Special libraries

ALIA future of the library and information science profession: special libraries 2017 report update

In 2013, the Australian Library and Information Association (ALIA) set out to investigate (1) How will libraries remain relevant for users? (2) What changes will institutions and individuals in the sector experience? (3) Will ‘library and information professional’ continue to be a necessary and desirable occupation? Three years on, we have reviewed the themes, actions and what we have learned since the original investigation. This is the May 2017 update of the Future of the LIS Profession: Special Libraries report. 

The unique role and value of information professionals in special libraries

This report, produced by Dr Katherine Howard and commissioned by the Australian Library and Information Association (ALIA), is based on desk research carried out over the period of November 2016 to February 2017. It followed on from the Special Libraries Summit, held on 2 September, in Adelaide, alongside the ALIA National Conference.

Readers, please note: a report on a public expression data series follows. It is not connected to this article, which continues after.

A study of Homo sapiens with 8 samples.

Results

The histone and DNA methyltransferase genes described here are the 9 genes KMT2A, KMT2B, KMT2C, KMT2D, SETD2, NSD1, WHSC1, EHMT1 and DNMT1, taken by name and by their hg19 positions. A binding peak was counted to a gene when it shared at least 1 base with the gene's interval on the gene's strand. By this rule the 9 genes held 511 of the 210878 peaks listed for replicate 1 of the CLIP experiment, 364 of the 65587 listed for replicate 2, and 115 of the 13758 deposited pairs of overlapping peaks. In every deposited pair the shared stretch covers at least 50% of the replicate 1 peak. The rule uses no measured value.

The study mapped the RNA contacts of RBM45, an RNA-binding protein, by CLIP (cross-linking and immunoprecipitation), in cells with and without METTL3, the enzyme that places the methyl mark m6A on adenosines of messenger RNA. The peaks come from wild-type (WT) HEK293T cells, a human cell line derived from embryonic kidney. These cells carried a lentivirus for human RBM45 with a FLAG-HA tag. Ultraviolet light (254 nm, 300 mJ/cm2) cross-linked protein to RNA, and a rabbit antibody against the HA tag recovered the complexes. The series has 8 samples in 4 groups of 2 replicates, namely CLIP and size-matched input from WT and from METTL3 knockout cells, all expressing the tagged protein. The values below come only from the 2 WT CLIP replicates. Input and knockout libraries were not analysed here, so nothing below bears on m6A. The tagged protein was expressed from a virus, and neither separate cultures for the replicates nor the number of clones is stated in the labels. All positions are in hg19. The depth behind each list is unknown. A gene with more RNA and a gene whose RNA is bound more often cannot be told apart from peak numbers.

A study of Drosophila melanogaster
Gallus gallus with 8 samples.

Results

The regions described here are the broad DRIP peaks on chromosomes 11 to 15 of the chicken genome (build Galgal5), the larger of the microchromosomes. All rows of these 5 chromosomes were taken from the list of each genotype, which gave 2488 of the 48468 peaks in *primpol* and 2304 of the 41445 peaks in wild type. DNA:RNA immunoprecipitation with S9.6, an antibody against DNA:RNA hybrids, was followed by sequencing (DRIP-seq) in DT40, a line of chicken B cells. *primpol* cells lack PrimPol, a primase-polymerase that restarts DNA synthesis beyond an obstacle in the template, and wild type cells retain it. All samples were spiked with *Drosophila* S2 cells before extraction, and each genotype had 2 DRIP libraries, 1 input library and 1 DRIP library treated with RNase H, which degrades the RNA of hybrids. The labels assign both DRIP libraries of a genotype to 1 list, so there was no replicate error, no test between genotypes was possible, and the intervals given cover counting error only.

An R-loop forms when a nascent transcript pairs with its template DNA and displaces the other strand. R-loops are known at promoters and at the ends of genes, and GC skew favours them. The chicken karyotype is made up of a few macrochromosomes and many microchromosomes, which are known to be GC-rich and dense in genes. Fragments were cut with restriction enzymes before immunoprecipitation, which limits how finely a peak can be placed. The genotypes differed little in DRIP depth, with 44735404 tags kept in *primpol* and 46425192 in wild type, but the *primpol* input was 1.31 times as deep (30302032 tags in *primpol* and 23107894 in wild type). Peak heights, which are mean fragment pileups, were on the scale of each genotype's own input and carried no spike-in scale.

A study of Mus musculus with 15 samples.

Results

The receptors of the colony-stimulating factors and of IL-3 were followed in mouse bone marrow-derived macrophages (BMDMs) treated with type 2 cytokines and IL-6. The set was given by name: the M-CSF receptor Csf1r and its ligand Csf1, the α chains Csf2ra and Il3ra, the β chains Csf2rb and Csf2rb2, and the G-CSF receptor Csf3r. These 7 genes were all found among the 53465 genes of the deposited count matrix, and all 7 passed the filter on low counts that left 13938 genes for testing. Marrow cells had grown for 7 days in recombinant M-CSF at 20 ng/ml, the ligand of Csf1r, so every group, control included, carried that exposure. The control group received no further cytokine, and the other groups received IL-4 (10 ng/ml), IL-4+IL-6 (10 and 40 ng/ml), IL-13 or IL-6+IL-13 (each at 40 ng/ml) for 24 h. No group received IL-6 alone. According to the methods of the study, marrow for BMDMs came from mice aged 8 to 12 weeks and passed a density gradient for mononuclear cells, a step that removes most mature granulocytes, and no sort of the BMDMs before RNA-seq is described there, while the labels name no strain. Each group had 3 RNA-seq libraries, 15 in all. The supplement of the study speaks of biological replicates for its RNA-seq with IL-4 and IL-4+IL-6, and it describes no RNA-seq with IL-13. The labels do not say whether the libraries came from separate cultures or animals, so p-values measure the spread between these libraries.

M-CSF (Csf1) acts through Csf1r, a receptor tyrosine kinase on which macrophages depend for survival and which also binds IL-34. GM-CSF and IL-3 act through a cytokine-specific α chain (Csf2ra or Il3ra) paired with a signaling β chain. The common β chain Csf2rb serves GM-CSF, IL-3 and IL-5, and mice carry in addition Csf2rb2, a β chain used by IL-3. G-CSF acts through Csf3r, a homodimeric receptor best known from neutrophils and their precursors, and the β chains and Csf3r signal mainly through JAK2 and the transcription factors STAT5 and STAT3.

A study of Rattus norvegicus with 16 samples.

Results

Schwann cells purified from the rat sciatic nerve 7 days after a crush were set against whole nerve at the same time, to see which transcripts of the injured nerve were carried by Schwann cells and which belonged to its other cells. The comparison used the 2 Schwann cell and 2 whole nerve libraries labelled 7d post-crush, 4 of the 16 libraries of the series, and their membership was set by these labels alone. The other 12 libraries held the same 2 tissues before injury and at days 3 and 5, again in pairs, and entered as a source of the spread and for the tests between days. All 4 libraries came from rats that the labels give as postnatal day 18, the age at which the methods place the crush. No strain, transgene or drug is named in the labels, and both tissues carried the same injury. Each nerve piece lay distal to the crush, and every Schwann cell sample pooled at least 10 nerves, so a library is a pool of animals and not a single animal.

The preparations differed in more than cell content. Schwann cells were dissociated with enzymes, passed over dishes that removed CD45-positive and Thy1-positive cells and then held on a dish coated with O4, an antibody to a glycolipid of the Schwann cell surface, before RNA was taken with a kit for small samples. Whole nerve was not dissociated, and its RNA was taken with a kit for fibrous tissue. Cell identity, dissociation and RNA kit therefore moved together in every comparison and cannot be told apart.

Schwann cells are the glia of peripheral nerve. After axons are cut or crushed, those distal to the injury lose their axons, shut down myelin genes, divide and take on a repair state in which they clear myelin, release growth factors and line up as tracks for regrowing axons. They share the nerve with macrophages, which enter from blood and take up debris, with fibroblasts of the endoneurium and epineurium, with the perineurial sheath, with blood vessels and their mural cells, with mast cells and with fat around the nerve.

Newsletter No.36 (November 1991)

Contents: report on Achieving Excellence: fourth Asian-Pacific Special and Law Librarians Conference with the Ninth Biennial Health Librarians Conference, management strategies for the one-person or minimal staff health services library; Australia-wide scheme for serials duplicates; quality assurance in health libraries; budget survey of Melbourne hospital libraries.
Original document held in ALIA House, Canberra.

Newsletter No.33 (February 1991)

Contents: Executive: Joan Martin, Ruth Lawrence, Enid Meldrum, Roxanne McIvor, Ann McGalliard, Jenni Rusciano, Jo Marshall, Anne McLean, Vanessa Craven, Jan Hindson; report on DA Books; daily/weekly statistics tally sheet; future of Australian Medline Network; Australian Council of Allied Health Professions.
Original document held in ALIA House, Canberra.